Volume 46 (2007) Issue 10 Pages 643-648
Background Metabolic syndrome is a characterized by a cluster of cardiovascular risk factors, including visceral obesity, insulin resistance, dyslipidemia, and hypertension. The criteria for diagnosing metabolic syndrome differ among ethnic groups, due in part to differences in eating habits and body build. Little is known about the relationship between metabolic syndrome and ischemic stroke in Asian countries. The aim of this study was to investigate the relationship between metabolic syndrome and first-time ischemic strokes.
Subjects & Methods Study subjects were 1,493 Japanese adults aged 55 years-old or older with no diabetes mellitus, no history of stroke and no neurological abnormalities, who participated in a voluntary neurological health screening at the Institute of Shimane Health Science, Japan (767 men, 62.0 ± 5.9 years old at entry and 726 women, 61.8 ± 5.1 years old at entry). All subjects were given an annual clinical stroke questionnaire. Clinical details of patients who reported strokes were confirmed with the attending physicians. Each subject was evaluated for an average of 6.4 ± 3.8 years. Metabolic syndrome was defined using the modified criteria for Japanese population published in April 2005.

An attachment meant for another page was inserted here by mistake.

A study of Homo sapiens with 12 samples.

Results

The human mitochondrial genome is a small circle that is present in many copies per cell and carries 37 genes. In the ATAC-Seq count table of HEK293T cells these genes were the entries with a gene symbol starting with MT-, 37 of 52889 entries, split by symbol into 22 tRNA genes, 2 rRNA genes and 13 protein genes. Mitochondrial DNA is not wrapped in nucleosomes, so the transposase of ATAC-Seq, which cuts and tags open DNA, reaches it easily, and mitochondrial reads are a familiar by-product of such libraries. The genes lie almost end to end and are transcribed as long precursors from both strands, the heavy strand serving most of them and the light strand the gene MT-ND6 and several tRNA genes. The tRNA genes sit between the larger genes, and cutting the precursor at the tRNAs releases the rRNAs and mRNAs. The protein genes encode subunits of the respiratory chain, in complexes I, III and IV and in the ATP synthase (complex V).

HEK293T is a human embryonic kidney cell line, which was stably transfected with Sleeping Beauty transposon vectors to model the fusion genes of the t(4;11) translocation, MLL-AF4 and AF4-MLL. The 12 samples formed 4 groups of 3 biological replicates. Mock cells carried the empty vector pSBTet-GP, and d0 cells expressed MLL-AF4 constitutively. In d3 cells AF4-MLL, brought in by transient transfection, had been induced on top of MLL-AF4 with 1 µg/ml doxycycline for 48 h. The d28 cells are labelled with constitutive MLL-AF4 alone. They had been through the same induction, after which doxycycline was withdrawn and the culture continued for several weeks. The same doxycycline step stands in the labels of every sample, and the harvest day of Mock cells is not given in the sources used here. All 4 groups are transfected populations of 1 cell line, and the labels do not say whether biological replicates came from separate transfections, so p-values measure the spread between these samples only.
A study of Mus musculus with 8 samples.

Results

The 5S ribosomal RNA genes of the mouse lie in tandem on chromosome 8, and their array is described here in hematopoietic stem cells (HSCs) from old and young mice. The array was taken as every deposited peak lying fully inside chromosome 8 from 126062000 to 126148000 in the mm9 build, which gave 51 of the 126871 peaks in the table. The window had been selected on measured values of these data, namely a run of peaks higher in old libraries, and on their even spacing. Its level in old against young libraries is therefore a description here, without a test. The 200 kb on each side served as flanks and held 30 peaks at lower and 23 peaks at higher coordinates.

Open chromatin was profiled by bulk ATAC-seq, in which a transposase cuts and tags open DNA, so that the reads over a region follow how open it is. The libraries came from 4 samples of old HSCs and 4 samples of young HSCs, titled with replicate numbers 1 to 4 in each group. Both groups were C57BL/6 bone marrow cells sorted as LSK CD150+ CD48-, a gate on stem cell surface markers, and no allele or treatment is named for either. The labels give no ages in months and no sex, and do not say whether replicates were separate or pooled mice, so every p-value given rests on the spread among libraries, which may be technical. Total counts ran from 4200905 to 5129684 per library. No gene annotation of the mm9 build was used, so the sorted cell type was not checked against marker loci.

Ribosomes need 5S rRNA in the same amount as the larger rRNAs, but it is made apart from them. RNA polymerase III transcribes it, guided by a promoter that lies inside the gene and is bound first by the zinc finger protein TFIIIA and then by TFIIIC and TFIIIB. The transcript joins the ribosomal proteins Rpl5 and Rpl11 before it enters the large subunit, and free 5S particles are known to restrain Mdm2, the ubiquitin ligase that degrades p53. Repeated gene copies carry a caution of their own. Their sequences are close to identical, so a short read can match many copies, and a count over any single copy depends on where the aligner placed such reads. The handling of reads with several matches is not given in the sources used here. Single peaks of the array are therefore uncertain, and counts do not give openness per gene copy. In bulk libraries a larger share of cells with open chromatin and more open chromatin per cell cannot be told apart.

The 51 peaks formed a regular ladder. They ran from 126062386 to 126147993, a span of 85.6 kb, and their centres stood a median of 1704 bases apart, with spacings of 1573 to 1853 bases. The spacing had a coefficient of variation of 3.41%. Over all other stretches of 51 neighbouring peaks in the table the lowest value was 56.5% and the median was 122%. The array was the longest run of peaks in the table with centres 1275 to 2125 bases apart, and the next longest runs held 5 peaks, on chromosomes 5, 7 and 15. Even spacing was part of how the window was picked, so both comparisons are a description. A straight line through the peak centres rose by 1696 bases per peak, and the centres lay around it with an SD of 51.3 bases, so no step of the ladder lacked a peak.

Results Metabolic syndrome was diagnosed in 11.0% of men and 1.1% of women. Adjusting for age and smoking, female subjects with metabolic syndrome had a 23.1-fold increased risk of suffering ischemic strokes [95% confidence interval (CI), 2.7-196], whereas metabolic syndrome did not increase the risk of ischemic stroke in men.
Conclusions Metabolic syndrome is more likely to influence a risk for ischemic stroke in women than in men.